Serbia’s new government will have Zorana Mihajlović as Minister of Mining and Energy, while her party colleague Irena Vujović will head the Ministry of Environmental Protection.
Zorana Mihajlović replaces Aleksandar Antić, a change that is also a political one given that Antić is a member of the Socialist Party of Serbia (SPS) and Mihajlović comes from the ranks of the Serbian Progressive Party (SNS). The future Minister of Mining and Energy has already been in charge of the energy sector – serving as Minister of Energy, Development and Environmental Protection from 2012 to 2014. In the outgoing government, she has served as Minister of Construction, Transportation and Infrastructure.
Mihajlović replaces Antić, and Vujović takes over from Trivan
The SPS’ Goran Trivan will be replaced as Minister of Environmental Protection by Irena Vujović from the SNS. Until a few weeks ago, Vujović headed one of Belgrade’s central municipalities – Savski venac.
Zorana Mihajlović’s return to the post of energy minister has been interpreted by people in the know in Belgrade as a move towards stepping up energy sector cooperation between Serbia and the United States, in the context of the strengthening of economic ties between the two countries, which was announced during Serbian President Aleksandar Vučić’s visit to Washington in early September and which includes the recent opening of the US International Development Finance Corporation’s (DFC) office in Belgrade.
When she takes over the Ministry of Environmental Protection, Irena Vujović will inherit a number of problems. Goran Trivan’s term in office has been marked by a large number of meetings with representatives of international organizations and foreign envoys, participation in international conferences, and inspired speeches, but at the same time the country has sunk deeper and deeper into ecological problems, which today can be described as alarming: excessive air pollution, lack of wastewater and sewage treatment, uncontrolled logging, delays in adopting a law on climate change, and the destruction of numerous rivers across Serbia due to the nearly unfettered construction of small hydropower plants.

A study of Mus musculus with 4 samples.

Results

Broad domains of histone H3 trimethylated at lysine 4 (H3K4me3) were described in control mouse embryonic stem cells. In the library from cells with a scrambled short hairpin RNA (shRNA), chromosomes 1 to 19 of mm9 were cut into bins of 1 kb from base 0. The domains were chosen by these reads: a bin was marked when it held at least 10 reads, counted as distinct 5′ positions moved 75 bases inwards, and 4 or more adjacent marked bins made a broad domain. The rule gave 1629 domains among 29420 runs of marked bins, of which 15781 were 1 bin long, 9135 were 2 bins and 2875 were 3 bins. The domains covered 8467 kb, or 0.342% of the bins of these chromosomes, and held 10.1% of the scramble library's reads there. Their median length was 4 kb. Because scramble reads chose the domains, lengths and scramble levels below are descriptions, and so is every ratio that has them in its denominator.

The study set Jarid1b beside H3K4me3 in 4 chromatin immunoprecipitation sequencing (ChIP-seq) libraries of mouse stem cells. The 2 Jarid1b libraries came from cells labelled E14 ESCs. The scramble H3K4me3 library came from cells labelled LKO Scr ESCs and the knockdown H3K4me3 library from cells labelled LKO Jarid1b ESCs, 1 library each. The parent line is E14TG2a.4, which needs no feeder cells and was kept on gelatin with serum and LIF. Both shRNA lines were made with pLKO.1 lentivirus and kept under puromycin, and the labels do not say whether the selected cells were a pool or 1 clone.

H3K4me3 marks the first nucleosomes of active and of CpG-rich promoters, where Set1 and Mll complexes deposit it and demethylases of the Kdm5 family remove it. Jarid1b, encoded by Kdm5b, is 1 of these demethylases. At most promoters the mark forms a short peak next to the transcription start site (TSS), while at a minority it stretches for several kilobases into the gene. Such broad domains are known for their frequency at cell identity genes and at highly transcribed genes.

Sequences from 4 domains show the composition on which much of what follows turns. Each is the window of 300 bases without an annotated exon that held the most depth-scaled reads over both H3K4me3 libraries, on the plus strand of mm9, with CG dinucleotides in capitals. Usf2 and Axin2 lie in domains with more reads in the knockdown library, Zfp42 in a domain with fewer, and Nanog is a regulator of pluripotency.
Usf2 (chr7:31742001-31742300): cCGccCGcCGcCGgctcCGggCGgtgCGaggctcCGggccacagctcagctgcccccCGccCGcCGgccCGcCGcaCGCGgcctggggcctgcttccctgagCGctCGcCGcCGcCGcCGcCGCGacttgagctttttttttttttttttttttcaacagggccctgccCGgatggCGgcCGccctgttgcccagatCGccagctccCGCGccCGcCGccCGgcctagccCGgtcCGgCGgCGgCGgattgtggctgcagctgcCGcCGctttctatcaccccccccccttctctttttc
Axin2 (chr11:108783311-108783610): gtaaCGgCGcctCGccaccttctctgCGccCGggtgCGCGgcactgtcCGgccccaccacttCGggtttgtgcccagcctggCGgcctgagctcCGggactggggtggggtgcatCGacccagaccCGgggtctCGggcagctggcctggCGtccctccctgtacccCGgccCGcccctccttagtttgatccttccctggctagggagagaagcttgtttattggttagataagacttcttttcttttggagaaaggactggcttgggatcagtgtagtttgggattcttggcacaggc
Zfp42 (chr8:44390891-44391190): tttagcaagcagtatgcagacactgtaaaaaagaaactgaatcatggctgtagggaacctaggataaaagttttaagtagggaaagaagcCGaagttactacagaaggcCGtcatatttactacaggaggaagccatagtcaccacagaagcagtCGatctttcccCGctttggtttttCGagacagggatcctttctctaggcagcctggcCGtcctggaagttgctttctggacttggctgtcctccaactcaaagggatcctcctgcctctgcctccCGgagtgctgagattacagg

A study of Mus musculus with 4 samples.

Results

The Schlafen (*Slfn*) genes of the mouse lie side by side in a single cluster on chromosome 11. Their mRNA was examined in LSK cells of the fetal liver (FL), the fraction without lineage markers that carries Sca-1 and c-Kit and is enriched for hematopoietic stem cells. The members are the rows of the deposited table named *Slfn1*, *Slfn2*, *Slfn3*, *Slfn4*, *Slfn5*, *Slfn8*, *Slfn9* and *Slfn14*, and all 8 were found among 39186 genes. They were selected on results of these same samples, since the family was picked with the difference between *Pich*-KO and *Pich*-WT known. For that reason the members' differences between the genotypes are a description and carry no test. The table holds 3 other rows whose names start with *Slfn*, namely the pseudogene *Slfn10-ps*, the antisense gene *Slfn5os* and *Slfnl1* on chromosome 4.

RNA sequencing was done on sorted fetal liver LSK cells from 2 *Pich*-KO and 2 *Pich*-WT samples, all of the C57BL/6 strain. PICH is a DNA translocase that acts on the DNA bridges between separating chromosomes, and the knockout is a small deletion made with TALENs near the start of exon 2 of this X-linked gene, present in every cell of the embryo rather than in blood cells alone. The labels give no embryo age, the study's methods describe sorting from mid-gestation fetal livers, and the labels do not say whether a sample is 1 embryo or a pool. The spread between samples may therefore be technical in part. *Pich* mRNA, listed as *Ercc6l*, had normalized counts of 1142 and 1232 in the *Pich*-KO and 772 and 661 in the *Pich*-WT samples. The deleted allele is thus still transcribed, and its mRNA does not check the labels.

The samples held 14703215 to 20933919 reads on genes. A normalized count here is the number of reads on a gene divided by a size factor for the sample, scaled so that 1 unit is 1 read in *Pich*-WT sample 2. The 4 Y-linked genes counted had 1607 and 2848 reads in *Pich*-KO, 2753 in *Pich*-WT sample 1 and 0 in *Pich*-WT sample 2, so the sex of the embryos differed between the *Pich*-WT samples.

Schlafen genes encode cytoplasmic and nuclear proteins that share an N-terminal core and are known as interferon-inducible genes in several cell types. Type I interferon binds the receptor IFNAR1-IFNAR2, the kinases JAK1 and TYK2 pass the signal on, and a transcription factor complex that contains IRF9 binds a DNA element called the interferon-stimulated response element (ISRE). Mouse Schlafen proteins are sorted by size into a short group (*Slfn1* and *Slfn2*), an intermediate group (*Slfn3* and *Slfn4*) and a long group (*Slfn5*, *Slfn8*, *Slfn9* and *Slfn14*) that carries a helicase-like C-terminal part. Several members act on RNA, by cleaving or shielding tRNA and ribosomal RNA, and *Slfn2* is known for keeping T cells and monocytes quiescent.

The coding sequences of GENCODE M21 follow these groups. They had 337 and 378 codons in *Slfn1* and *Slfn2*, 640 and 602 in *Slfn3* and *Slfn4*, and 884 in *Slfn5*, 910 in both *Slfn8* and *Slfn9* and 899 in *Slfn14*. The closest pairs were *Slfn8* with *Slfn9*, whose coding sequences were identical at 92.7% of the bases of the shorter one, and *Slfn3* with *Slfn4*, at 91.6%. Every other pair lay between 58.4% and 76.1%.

Great expectations from new female ministers
A survey titled Women in Sustainable Energy, climate change and environmental protection – LEADERSHIP FOR CHANGE, carried out as part of the WISE SEE (Women in Sustainable Energy South-East Europe) project, shows that women are globally perceived as powerful agents of change in transition to sustainable solutions in the energy sector, climate change, and environmental protection.
In that context, citizens, experts, and the non-governmental sector expect a lot from the two new female ministers in the Government of Serbia.
Zorana Mihajlović is first and foremost expected to lead energy transition and decarbonization – a prerequisite for Serbia, which lags significantly behind in this important process, to catch up with the world and countries in the region.
Given the numerous problems in her own sector, expectations from Irena Vujović are about as high. She is supposed to tackle a number of complex problems, the most pressing one being excessive air pollution registered throughout Serbia in recent days. Since the new minister lacks concrete experience in the field of environmental protection, it remains to be seen how successful she will be.
The new ministers’ biographies
Zorana Mihajlović was born in 1970 in Tuzla. She graduated in 1993, and received her PhD in 2001, from the Faculty of Economics in Belgrade in the field of energy and economics. She became an associate professor and vice-rector for science at University John Naisbitt in October 2011, and in 2016 she was appointed a full-time professor at this university, according to the website of the Ministry of Construction, Transportation and Infrastructure.
She has worked at the First Economics School in Belgrade and at Elektroistok, part of state power utility Elektroprivreda Srbije (EPS). From 2004 to 2006, she was energy adviser to Serbia’s deputy prime minister, Miroljub Labus. She was also energy adviser to Republika Srpska’s prime minister, Milorad Dodik, from 2010 to 2012.
She has been president of the SNS Council for Energy and Mining since 2009. From 2012 to 2014 she was Serbia’s Governor at the European Bank for Reconstruction and Development (EBRD).
She served as Minister of Energy, Development and Environmental Protection from 2012 to 2014, and since 2014 she has been Deputy Prime Minister and Minister of Construction, Transportation and Infrastructure.
Irena Vujović was born in 1983. According to her Wikipedia profile, she holds a master’s degree in economics – she graduated from the Faculty of International Economics at Megatrend University. After graduation, she became a professional politician. She joined the SNS in 2008.
She was elected to the Serbian National Assembly in the 2012 and 2014 general elections. When she was appointed assistant mayor of Belgrade for social affairs, she resigned from parliament.
Following local elections in 2016, she was elected head of the Savski venac municipality of Belgrade.